From Afghan breads to banquets

The smoky, spicy flavoured chicken dehqan kebab. 198470_03 Picture: STEWART CHAMBERS

By Cam Lucadou-Wells

Let’s cut to the chase. If you want to sample the full variety of Kabul Kitchen’s tandoori ovens, order the banquet.

Most would know the bakery which dishes up hot naan breads through a hole-in-the-wall on Dandenong Market’s Cleeland Street wing.

These breads have cult popularity, which owner Ali Haidari boasts as the best in Dandenong. Quality flour and technique make the difference, he says.

But what Dine Local has come to sample are offerings from  his restaurant next door, recently opened with co-owner Mohammad Sarwari.

It’s a product of a punishing work ethic from these former asylum seekers, who toil from dusk to midnight seven days a week.

Unsurprisingly, they offer a long varied menu of Afghan foods that delight palates Afghan and non-Afghan alike.

There’s great chunks of meat cooked on kebabs, subtly spiced and wood-fire smoked. Tender and generous choices – such as chicken breasts or on the bone, lamb cubes or on the bone.

A popular option is the kabuli palaw – a lamb shank peeling with soft flesh on a mountain of spicy rice, sultanas and shredded carrots.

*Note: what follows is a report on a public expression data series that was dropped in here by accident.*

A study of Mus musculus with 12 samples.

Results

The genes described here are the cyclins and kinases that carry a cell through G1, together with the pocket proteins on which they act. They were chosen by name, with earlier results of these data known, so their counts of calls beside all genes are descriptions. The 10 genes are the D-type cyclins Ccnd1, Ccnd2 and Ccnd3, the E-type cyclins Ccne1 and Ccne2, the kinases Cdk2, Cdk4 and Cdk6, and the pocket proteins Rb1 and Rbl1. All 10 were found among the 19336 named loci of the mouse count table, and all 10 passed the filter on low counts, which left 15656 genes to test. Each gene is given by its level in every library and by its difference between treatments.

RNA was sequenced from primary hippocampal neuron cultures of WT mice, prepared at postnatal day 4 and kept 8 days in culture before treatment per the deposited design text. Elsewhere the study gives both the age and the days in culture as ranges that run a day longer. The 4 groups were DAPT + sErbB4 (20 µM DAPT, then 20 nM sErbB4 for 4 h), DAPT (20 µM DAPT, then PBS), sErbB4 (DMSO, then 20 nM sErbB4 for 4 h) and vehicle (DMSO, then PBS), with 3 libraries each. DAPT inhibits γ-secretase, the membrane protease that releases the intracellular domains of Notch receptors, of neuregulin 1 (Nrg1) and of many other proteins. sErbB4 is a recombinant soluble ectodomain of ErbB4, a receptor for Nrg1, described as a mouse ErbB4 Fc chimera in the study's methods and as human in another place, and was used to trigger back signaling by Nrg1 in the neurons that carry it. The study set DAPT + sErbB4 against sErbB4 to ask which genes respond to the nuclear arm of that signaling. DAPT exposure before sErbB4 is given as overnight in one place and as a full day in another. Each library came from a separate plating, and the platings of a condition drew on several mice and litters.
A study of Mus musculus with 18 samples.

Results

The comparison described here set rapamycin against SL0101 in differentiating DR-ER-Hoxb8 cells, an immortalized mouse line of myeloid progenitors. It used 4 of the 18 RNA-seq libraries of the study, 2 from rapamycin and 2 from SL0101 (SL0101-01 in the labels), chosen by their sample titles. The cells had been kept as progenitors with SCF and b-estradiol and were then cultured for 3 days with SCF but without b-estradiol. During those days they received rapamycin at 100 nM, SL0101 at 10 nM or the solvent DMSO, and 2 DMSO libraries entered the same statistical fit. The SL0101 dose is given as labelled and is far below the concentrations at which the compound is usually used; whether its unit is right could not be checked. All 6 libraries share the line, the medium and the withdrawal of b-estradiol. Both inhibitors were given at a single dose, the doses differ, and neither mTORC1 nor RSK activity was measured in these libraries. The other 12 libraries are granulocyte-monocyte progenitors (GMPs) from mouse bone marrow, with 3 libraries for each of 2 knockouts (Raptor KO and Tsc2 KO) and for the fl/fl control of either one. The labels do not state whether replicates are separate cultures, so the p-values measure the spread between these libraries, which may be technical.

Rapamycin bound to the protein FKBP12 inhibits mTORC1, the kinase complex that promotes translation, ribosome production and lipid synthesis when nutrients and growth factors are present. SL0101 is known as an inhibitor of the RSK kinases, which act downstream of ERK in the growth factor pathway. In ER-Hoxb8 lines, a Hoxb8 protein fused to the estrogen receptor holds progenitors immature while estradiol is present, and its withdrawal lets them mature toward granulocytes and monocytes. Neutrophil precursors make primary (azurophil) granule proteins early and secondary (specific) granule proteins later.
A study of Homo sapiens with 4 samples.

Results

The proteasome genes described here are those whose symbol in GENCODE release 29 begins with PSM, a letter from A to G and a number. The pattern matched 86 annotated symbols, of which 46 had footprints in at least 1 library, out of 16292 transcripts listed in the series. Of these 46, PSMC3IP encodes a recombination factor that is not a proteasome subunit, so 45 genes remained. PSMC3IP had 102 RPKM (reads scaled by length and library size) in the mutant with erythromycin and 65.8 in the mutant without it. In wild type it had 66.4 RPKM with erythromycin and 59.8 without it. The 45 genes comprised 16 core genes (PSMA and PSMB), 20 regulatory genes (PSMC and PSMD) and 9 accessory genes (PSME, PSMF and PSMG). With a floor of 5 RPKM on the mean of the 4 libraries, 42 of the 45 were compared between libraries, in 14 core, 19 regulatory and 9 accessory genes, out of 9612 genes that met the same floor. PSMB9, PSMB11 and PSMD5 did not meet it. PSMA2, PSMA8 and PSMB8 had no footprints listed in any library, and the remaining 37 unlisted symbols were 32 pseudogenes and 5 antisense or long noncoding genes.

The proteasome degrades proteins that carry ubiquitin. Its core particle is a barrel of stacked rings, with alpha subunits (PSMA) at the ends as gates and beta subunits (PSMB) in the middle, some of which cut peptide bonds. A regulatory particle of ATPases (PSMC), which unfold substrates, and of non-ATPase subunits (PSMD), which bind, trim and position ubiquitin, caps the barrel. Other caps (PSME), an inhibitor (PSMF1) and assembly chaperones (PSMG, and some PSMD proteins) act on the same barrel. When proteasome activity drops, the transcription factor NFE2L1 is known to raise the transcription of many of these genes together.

Highly recommended are the mantu dumplings filled with lamb mince and topped with a warming lentil curry.

Vegetarian options include eggplant curry, okra curry and ashak dumplings filled with gana – a sharp tasting spinach similar to chives.

Mr Haidari had a dream of opening an eatery for many years. More than a decade ago, he escaped Afghanistan’s capital Kabul from the threat of the Taliban.

As a 17-year-old, he travelled alone via Pakistan where he spent three years working and learning as a chef. Then to Malaysia and a boat across dangerous straits to Australia.

He was locked up in Australian migrant detention centres in Darwin and Christmas Island, not knowing when he’d be released.

Dandenong has been his home since being accepted for a permanent resident visa in 2011.

“When I reached Melbourne I was thinking one day I would open a restaurant. When I was here I didn’t give my (cooking) knowledge to any other person until I opened it.”

Mr Haidari sends money to support his wife and son living in Iran. For five years, they’ve awaited approval from immigration authorities to join him in Australia.

“The problem is the Immigration Minister says I broke the law and came by boat.”